Religion in Kuwait
Islam is the official religion in Kuwait, and the majority of the citizen population are Muslim. There are also small native Christian and Bahá'í populations. Most expatriates in Kuwait are Muslim, Hindu, Christian or Buddhist.
Most Kuwaiti citizens are Muslim; it is estimated that 60%-65% are Sunni and 35%-40% are Shias. Some other minor Muslim sects do exist in Kuwait's society, but in very small numbers. There are an estimated 100,000 non-citizen Shias.
In 2001, there were an estimated 525,000 Sunni Kuwaiti citizens and 300,000 Shia Kuwaiti citizens. In 2002, the US Department of State reported that Shias formed 30%-40% of Kuwait's citizen population, noting there were 525,000 Sunni Kuwaiti citizens and 855,000 Kuwaiti citizens in total (61% Sunnis, 39% Shias). In 2004, there were an estimated 600,000 Sunni Kuwaiti citizens, 300,000-350,000 Shia Kuwaiti citizens and 913,000 Kuwaiti citizens in total. In 2007, around 70% of citizens belonged to the Sunni branch of Islam, while most of remaining 30% were Shias. 
Christianity is a minority religion in Kuwait. Kuwait has a native Christian community, with a total population of between 200 and 400. In 2014, there were an estimated 259 Christian Kuwaitis residing in Kuwait. Kuwait is the only GCC country besides Bahrain to have a local Christian population who hold citizenship. Of the non-citizen population, there are an estimated 832,475 Christians (June 2018), or 18.24% of the population.
The government-recognized Christian churches include the Roman Catholic Church, the Coptic Orthodox Church, the National Evangelical Church Kuwait (Protestant), the Armenian Apostolic Church, the Greek Orthodox Church, the Greek Catholic (Melkite) Church, the Anglican Church, and The Church of Jesus Christ of Latter-day Saints. There are also many Christian religious groups not officially recognised by the government with smaller populations, including the Indian Orthodox, Mar Thoma, and Seventh-day Adventist Church. Unrecognized groups are generally free to worship in private. There are also a number of believers in Christ from a Muslim background in the country, though many are not citizens. A 2015 study estimates that around 350 people in the country follow these beliefs.
There are a small number of Bahá'í Kuwaiti citizens. While the official 2013 census only shows three religion categories: "Muslim", "Christian" and "Other", with only 18 people in the other category, another source states that there are around 400 Bahá'ís in total in Kuwait.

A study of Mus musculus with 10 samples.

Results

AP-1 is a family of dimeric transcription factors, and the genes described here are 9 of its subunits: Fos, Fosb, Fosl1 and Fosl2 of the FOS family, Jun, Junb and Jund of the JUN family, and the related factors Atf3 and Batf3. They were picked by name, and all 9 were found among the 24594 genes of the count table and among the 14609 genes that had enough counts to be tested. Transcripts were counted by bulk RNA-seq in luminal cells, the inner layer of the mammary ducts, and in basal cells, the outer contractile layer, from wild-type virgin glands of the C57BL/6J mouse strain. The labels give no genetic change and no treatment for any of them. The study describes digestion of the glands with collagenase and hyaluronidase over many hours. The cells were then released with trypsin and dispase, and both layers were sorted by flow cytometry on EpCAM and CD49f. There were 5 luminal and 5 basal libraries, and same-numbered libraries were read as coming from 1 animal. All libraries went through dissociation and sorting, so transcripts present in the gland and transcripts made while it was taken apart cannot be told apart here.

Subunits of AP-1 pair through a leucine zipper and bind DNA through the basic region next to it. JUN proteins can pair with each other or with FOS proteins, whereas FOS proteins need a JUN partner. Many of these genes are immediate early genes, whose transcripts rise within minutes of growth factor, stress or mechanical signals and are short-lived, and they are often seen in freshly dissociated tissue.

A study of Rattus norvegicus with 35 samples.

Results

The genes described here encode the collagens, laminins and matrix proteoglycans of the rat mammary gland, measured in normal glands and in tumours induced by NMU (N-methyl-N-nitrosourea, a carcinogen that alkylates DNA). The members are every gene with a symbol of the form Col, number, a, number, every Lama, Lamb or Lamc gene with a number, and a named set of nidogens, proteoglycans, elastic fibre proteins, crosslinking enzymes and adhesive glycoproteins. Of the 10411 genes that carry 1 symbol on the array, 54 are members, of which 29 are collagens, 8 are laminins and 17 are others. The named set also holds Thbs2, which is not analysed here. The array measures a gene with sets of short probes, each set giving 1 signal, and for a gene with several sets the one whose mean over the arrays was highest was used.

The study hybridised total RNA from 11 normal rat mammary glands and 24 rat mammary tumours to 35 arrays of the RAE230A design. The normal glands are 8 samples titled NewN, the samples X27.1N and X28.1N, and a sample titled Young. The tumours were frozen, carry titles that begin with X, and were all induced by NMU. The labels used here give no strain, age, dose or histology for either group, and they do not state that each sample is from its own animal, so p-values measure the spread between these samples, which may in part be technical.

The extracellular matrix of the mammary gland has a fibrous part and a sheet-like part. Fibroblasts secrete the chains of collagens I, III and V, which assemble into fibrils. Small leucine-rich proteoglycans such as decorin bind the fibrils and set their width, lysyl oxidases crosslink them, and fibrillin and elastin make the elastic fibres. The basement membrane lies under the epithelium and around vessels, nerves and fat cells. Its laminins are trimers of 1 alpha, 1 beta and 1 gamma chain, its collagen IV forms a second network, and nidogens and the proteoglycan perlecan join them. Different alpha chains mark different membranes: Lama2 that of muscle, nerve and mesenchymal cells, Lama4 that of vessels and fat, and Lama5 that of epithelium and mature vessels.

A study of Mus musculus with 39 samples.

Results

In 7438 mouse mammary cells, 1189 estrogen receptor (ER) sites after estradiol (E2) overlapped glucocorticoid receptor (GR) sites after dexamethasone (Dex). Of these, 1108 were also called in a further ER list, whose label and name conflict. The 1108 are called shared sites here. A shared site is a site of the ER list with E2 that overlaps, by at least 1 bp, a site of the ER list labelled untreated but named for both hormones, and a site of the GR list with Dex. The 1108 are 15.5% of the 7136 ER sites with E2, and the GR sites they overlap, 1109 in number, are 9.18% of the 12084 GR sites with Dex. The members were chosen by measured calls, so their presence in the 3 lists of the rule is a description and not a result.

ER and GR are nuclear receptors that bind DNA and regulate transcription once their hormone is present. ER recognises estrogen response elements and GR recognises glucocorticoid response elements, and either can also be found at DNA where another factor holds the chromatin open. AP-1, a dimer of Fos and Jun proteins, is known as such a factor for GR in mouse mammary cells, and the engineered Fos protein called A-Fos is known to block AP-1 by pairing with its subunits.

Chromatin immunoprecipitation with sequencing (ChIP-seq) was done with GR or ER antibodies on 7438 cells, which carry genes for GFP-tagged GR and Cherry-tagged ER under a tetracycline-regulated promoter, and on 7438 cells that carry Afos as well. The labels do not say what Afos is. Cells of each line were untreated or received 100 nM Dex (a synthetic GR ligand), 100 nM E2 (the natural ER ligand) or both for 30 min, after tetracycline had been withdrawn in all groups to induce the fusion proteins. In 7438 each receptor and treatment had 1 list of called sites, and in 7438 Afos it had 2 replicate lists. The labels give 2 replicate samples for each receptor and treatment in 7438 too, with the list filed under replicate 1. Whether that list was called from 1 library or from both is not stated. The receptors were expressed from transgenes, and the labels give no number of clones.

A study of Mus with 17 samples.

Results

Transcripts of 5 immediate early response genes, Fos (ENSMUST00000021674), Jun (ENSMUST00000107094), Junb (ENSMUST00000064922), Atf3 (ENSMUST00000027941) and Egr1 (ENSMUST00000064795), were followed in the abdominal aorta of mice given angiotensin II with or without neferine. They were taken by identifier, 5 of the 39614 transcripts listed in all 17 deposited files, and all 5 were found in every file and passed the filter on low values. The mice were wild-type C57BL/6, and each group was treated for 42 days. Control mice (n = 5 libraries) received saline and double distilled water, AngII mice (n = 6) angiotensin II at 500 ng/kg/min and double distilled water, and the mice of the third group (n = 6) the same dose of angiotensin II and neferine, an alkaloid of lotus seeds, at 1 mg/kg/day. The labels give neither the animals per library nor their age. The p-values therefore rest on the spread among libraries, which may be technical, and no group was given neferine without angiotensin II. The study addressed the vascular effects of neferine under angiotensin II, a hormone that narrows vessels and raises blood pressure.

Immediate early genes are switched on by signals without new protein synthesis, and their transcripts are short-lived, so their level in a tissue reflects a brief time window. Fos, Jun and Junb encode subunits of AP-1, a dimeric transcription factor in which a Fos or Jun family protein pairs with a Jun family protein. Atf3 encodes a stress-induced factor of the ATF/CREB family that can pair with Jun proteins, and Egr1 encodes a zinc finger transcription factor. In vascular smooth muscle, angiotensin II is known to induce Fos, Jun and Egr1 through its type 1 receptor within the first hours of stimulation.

There were some Kuwaiti Jews before the 1950s, however all Jewish families left Kuwait by the 1980s. There are currently no known Jewish citizens and an estimated few dozen Jewish foreign resident workers.
There are an estimated 300,000 non-citizen Hindus.
100,000 non-citizen Buddhists reside in Kuwait.
There are 10,000 Sikhs in Kuwait.
Religion by Nationality (2018)
|American & Australian||13,915||57.90%||8,773||36.50%||1,346||5.60%||24,034||0.52%|
- "PACI Statistics". Kuwait Public Authority for Civil Information. Retrieved 1 February 2019.
- "International Religious Freedom Report". US State Department. 2002.
- "The Evolution of U. S.-Turkish Relations in a Transatlantic Context" (PDF). Strategic Studies Institute. p. 87. Archived from the original (PDF) on March 18, 2015.
Shiites comprise 60 percent of the population in Bahrain, 40 percent in Kuwait, 14 percent in Saudi Arabia, and 35 percent in Lebanon.
- "International Religious Freedom Report". US State Department. 1999.
- "Nationality By Religion and Nationality". Government of Kuwait (in Arabic).
- "International Religious Freedom Report for 2007". US State Department. 2007.
- "International Religious Freedom Report". US State Department. 2001.
- "International Religious Freedom Report". US State Department. 2004.
- Johnstone, Patrick; Miller, Duane (2015). "Believers in Christ from a Muslim Background: A Global Census". Interdisciplinary Journal of Research on Religion. 11: 16. Retrieved 28 October 2015.